By Serena Dai
LAKEVIEW — More than 50 residents demanded that a local homeless shelter for youths control its clients, blaming a dwindling sense of security and a recent SWAT team standoff on the facility.
The Crib, a shelter for 18- to 24-year-olds, has been run by nonprofit The Night Ministry since 2011 at the Lake View Lutheran Church, 835 W. Addison St. The 20-bed service went from seasonal to year-round this year.
Previously, the church hosted a men’s homeless shelter, said Ald. Tom Tunney (44th).
Area residents said the youths are more trouble. The ones who don’t get into the shelter violate the area’s sense of security by fighting in the parking lot, sleeping on porches and banging on doors, neighbors said.
A recent standoff with a SWAT team was blamed on The Crib, though Sgt. Jason Clark said it was unclear whether the suspect ever stayed at the shelter.
“If you ask for a show of hands here, about how many of us feel safe with them there, you’ll get a zero show of hands,” said a woman who lives on nearby Reta Avenue. “You gotta get them under control.”
Tunney, the Night Ministry, police and residents have been meeting for months to find solutions, with residents saying they don’t see results.
Neighbors said they’ve been asking The Crib to end smoke breaks (to prevent clients from leaving at night); to hire professional security (instead of volunteers); and to keep the lottery process for selecting who gets a bed indoors instead of in the church parking lot.
The Night Ministry has said it moved the bed selection process inside, but neighbors said they still hear and see it happening outdoors.
“It’s very simple, very specific asks,” another female neighbor said. “I don’t think it would take a lot to make this happen. I don’t understand why it’s taking two years.”
Though the gathering was intended to find solution, the meeting was emotionally charged and contentious.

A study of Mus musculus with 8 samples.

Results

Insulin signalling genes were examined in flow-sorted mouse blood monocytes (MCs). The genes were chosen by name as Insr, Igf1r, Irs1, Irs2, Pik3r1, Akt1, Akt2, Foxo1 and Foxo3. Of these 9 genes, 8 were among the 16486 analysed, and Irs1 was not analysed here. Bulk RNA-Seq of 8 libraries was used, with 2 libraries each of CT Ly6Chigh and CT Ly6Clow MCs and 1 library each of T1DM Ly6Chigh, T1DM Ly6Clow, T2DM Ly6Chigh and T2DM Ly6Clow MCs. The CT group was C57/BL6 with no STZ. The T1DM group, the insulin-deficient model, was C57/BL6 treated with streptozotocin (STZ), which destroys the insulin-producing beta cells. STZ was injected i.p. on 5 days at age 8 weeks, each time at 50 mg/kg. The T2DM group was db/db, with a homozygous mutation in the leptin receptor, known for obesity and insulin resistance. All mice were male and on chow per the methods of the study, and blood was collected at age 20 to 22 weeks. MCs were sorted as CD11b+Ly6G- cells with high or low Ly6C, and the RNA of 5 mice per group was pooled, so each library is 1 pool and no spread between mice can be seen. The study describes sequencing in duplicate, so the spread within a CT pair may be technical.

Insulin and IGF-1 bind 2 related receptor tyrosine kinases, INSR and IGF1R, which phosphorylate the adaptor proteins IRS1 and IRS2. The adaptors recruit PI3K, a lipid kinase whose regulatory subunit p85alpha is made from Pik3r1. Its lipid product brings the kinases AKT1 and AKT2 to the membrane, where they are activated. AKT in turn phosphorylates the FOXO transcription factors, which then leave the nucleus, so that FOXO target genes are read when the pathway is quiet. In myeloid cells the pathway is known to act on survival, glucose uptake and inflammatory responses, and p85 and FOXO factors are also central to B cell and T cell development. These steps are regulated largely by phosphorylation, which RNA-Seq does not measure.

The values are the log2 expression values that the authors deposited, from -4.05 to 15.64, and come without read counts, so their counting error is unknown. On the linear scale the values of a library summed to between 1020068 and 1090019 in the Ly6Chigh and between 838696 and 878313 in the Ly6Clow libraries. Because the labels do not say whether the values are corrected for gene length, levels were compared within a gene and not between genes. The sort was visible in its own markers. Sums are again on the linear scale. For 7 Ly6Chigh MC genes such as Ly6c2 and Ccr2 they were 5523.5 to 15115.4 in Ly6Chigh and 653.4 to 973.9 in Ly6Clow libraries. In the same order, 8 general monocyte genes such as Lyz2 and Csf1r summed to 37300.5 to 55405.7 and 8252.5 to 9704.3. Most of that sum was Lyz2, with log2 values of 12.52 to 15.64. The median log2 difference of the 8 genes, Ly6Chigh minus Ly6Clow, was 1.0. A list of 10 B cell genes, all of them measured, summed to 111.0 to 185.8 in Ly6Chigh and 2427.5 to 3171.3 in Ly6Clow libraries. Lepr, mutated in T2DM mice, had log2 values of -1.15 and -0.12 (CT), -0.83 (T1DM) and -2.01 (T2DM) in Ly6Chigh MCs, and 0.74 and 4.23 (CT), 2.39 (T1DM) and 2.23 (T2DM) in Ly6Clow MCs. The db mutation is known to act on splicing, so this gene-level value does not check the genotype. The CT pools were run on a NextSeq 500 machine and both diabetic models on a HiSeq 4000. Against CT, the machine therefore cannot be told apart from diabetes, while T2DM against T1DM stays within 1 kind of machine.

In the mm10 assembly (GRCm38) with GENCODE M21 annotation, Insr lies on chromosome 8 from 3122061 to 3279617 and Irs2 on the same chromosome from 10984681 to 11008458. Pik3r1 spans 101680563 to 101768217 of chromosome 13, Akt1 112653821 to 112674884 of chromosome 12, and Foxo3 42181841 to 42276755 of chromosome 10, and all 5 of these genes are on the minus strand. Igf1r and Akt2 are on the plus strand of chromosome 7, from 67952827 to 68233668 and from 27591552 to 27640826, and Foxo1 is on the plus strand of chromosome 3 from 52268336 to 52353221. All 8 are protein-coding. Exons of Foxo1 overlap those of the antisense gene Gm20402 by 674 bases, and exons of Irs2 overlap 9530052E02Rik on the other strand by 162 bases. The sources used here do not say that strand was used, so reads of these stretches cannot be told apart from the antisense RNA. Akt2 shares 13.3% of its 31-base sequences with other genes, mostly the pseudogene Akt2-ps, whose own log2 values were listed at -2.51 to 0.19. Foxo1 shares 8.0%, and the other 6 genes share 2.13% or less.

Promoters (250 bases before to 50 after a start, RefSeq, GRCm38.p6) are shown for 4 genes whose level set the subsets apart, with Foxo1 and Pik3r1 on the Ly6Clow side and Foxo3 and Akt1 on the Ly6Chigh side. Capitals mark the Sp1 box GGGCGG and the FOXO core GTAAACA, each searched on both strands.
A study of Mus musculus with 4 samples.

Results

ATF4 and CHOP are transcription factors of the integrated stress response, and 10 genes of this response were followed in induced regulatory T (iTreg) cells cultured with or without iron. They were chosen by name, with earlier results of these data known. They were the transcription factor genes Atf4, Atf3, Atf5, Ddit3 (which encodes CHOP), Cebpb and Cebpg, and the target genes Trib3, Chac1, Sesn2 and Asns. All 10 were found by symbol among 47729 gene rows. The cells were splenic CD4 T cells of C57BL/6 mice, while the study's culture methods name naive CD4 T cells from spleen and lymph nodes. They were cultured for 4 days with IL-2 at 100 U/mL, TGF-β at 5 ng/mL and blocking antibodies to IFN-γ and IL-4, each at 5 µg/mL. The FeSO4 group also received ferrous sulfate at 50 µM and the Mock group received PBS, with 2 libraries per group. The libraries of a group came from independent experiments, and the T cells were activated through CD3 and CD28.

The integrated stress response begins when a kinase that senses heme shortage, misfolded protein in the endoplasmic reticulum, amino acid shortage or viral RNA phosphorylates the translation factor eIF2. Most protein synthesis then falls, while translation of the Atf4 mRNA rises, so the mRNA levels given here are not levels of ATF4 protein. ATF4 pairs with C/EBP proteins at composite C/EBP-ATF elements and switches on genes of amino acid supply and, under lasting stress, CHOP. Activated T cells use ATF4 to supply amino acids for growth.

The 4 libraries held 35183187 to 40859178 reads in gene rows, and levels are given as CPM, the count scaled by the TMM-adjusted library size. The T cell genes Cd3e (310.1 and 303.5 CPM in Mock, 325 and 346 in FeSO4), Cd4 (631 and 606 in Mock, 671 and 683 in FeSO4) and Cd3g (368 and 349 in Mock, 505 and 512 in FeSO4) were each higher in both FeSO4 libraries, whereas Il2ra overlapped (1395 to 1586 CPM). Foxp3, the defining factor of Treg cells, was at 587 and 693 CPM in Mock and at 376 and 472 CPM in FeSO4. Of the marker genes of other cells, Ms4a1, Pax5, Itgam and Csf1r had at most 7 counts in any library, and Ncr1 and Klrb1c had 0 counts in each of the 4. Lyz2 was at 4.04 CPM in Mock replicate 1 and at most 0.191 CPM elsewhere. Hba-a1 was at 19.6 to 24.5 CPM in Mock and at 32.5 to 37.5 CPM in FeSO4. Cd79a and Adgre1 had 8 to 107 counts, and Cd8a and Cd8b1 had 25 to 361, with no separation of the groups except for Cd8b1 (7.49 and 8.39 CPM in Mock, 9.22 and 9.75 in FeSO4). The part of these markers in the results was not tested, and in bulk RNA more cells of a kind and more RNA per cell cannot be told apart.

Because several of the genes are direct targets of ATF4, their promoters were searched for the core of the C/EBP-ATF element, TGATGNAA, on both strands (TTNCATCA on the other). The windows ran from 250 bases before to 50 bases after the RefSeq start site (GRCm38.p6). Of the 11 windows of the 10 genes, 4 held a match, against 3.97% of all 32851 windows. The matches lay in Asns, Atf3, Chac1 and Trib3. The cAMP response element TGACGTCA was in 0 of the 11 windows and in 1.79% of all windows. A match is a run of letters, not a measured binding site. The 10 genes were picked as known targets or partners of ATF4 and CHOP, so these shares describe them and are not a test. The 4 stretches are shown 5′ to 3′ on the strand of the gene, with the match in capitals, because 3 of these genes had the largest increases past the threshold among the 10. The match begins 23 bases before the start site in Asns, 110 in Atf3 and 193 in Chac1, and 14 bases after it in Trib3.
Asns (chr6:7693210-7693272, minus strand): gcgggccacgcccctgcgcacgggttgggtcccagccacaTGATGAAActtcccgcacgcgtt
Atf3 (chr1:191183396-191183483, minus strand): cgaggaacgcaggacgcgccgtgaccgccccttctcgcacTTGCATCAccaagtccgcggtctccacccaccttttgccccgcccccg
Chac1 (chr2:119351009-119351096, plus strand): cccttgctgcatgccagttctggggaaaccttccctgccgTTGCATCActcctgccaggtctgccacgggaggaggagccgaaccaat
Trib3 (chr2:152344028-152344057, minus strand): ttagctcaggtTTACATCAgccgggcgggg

The Crib’s new assistant coordinator, Billy Dee, was in tears near the end of the two-hour meeting as she defended the shelter’s clients. The youth, who are frequently victims of sexual abuse, trauma and violence, often do not have any other place to go, she said.
In 2012, the city had only 266 beds for thousands of homeless youths, according to estimates from the Chicago Coalition for the Homeless. Other neighborhoods, including North Lawndale, Logan Square and Englewood, also house shelters.
“This has been very painful for me to hear you guys speaking of young people who I love … love,” Dee said. “I do not want anyone to be afraid in their homes, but I just need to express that we’re talking about a lot of humans trying to inhabit a shared space.”
Residents also said they wanted doors closed to guests after 9 p.m. and for the shelter to ban guests who misbehave. The Night Ministry representatives agreed to respond with an action plan in two weeks after smaller meetings with the rest of the staff, police and the alderman’s office.
The city could cut funding to The Crib if it does not fit in the neighborhood, and “disrespectful behavior” cannot be tolerated, Tunney said. But the alderman sees the need for beds in Lakeview, where LGBT youth often flock because of the neighborhood’s “welcoming” nature and safer environment, he said.
“I believe working with the police and working with groups like this can be constructive,” he said. “I believe we can solve problems for people who really don’t have hope.”